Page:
Just in general, I wish we had better books for learning all manner of programming topics: languages, libraries, etc. There’s almost nothing out there on any subject that teaches you how fluent speakers of the language actually speak. I’ve referred to this before as the “idioms” of a language. Even more advanced than that is learning the literature. To really learn a language, it’s not nearly enough to learn just the syntax and grammar. Sure you need to know that. But you also need to know common idioms and other matters of “usage”. And to really be an advanced speaker, you need to know the customs. The customs arise out of and build upon the literature.
The “literature” of a programming language means the libraries—collections of code that many people have read, passed around, studied, thought about. Some literature is obscure. Some is hugely famous. The popular literature in a language almost certainly represents the common idioms of that language. But let me be clear. When I say “programming literature” I do not mean books written about programming. Programming literature means code.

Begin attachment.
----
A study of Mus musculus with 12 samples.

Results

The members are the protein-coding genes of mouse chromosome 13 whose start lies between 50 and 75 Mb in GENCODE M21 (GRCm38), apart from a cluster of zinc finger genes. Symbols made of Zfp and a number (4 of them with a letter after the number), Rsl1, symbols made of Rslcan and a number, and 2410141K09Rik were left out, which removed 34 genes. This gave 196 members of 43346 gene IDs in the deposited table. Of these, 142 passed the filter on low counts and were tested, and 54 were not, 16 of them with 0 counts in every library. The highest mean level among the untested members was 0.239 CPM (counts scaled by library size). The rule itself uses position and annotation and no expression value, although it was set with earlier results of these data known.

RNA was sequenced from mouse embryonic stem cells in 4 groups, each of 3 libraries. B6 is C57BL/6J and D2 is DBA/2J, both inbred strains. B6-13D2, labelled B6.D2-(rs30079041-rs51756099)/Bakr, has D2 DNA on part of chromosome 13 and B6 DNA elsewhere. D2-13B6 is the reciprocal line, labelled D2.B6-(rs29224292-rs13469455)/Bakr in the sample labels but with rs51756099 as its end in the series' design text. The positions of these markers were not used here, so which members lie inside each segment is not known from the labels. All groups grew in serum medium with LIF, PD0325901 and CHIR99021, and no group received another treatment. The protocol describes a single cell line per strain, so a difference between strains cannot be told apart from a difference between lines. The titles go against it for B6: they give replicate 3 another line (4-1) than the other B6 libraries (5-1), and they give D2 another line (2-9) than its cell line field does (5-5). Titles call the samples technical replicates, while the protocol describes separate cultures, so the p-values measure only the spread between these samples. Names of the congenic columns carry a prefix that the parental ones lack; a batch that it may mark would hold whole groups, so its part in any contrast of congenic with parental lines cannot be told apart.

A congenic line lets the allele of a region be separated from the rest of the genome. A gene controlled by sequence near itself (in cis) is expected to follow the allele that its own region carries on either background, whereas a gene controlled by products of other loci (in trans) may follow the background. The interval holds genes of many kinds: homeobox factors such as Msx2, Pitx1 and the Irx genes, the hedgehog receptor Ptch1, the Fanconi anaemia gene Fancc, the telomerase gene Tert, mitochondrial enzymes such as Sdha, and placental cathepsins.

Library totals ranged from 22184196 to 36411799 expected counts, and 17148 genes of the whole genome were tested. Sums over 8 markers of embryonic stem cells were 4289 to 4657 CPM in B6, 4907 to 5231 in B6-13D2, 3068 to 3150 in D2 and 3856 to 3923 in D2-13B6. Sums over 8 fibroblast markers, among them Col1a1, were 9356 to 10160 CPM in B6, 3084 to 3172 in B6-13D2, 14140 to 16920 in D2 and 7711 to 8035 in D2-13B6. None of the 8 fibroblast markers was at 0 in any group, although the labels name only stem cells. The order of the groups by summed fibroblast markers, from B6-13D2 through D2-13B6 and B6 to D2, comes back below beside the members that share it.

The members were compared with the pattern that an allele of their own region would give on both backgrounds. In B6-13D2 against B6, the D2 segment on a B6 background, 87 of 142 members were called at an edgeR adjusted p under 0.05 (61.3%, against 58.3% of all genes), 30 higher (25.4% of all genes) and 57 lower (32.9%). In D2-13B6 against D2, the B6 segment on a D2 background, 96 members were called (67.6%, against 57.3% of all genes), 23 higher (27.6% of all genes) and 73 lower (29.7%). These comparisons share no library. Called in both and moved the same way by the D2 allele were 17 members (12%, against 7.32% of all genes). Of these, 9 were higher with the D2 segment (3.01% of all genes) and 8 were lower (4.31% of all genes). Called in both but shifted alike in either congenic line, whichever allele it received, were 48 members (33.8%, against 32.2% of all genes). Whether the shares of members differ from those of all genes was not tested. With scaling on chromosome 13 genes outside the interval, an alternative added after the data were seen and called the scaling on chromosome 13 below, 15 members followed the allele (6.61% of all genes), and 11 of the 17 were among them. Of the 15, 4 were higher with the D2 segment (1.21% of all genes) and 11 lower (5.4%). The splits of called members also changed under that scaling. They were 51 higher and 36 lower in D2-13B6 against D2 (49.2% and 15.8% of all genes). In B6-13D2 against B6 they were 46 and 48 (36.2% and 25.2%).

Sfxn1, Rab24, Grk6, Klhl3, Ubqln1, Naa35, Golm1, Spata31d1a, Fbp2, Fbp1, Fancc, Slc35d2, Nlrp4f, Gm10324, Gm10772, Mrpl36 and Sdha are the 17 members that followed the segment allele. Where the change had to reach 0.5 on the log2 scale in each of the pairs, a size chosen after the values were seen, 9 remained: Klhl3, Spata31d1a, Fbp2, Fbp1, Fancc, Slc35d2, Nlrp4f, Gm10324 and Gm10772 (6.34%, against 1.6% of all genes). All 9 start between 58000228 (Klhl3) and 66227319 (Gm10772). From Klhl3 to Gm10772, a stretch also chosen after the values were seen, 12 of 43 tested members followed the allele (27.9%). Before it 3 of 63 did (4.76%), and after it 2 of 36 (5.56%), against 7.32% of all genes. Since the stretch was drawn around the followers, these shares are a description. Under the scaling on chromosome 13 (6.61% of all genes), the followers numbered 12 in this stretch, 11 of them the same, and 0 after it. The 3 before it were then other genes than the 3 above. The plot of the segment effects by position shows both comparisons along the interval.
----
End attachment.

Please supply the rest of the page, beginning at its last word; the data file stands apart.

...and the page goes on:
So here’s what I’m suggesting. We need more books that are like primers on the literature of programming languages. In a literature class, you would study various bits of literature from different authors. We need books like that for programming. Looking at Angular, for example, as a piece of literature does not mean studying the docs and studying examples of it being used by other people. It means studying Angular itself. Docs are always horribly inadequate. Angular is the piece of great literature here. Same with React, Vue, jQuery, and dozens more I could list and plenty more I don’t even know.
Maybe I’ll start thinking about writing one such book. But seriously, guys, there is enough room within this narrow description to keep dozens of writers busy all the time if they want the work.